Saturday, December 12, 2015

9-Dec-2015 Fircrest, Washington

Site location. Click to enlarge.
This time of year, field trips don't always turn out as planned.  With the Puget Sound region in the midst of a multi-day series of rainstorms, I knew that it was a big gamble to attempt any field work.  But I was antsy to get back outside, so I decided to see what I could accomplish in an afternoon with less than 50% chance of rain predicted. Greater Tacoma was my destination because it is the next metropolitan area south of Federal Way, the southern-most place I've found the introduced crab spider Ozyptila praticola (Thomisidae).

"It might be raining where you are."
A southbound lane on Interstate 5 was closed due to flooding right before my exit in Fife.  This was pretty emblematic of the day: local flooding.  And intermittent downpours.  The ground was so saturated from days of rain that water was pooling and even fallen cones protected by tree foliage above were sopping wet.  Really wet cones are difficult to tap because they quickly saturate my net, which becomes muddy.  This makes it hard to see expelled spiders, especially spiderlings.  Next time I venture out on a wet day, I'll come prepared to collect cones into containers so that I can process them later, after they've dried a bit.

Sample site
Fallen cones
Anyhow, given the conditions I was finding, I decided to forego collecting and just reconnoiter the area for cone deposits that I could return to to sample some other, drier day.  Driving the 10 miles between Fife on the east side to University Place on the west side, I found several accumulations of cones.  Most of them were dropped by the exotic black pine (Piuns nigra), so when I spotted a huge native western white pine (Pinus monticola) in Fircrest, I couldn't resist tapping as many cones as my net would allow.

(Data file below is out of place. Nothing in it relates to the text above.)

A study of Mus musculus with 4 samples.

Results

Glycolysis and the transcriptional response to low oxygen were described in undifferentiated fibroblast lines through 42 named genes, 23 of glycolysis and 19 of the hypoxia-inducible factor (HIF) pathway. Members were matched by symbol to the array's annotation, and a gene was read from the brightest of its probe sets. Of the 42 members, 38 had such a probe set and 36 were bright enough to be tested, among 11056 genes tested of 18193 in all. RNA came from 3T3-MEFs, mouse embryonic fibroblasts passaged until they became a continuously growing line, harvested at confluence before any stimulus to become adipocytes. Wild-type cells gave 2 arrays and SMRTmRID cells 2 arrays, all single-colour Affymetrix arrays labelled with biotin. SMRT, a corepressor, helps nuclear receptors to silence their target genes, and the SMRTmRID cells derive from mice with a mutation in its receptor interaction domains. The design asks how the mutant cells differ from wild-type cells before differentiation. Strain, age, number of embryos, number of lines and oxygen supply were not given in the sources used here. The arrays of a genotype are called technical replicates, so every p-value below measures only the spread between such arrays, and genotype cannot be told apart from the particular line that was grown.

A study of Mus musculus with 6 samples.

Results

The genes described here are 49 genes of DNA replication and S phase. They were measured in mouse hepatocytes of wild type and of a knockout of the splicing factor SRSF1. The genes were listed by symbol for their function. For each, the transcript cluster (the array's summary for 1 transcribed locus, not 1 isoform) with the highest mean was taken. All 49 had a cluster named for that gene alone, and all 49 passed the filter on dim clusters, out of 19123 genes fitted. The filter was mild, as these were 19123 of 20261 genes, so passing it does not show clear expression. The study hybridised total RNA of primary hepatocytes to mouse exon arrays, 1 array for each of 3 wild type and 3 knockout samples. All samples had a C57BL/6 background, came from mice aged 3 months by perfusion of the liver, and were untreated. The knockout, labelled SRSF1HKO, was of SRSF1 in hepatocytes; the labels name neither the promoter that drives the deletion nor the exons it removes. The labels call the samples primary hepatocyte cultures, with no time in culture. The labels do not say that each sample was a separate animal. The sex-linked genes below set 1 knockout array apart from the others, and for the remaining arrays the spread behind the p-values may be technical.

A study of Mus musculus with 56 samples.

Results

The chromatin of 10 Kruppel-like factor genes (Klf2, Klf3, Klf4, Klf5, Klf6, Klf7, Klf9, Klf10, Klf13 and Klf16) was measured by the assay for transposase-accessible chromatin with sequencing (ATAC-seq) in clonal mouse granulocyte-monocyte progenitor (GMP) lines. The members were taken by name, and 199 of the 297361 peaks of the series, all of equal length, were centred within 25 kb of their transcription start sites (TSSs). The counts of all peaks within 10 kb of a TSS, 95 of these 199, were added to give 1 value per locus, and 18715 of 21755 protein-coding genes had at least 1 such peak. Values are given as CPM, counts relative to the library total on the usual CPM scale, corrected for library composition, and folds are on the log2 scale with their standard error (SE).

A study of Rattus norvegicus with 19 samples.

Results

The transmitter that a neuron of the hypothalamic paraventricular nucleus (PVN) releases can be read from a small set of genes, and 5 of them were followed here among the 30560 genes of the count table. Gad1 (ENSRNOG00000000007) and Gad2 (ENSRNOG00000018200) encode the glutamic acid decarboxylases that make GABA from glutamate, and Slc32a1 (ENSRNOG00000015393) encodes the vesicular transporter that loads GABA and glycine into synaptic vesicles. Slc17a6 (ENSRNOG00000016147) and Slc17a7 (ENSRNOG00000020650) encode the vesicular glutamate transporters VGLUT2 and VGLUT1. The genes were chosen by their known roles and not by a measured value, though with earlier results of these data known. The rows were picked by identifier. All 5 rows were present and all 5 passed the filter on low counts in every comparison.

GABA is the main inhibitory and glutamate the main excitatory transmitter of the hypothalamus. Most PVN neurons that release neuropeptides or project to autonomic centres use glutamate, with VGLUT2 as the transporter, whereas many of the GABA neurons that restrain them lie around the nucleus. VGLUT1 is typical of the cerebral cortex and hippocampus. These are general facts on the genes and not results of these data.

Female Lepthyphantes leprosus
Lepthyphantes leprosus epigynum
I was only able to find 10 cones in the public right of way, but my net quickly became too much of a mess to handle more anyways.  From them I tapped 3 spiders and 3 species, the only identifiable one being a female Lepthyphantes leprosus (Linyphiidae).  When I return in drier weather I hope I can get permission from the landowner to tap the dozens of additional cones lying on private property, because this appears to be a promising trove.

Besides coming away with a list of promising cone sampling locations for my next foray, the trip turned out to be useful in improving my knowledge of local geography.  Until now I didn't realize how big the Puyallup River is because it's scarcely visible from I-5, and I'd always flown across it without even realizing it!  Seeing it in flood stage from a local bridge caused me to add it to my mental list of potential natural barriers to the southward spread of O. praticola.
View of Puyallup River from Eells St. bridge on July, 2015. Screen grab from Google.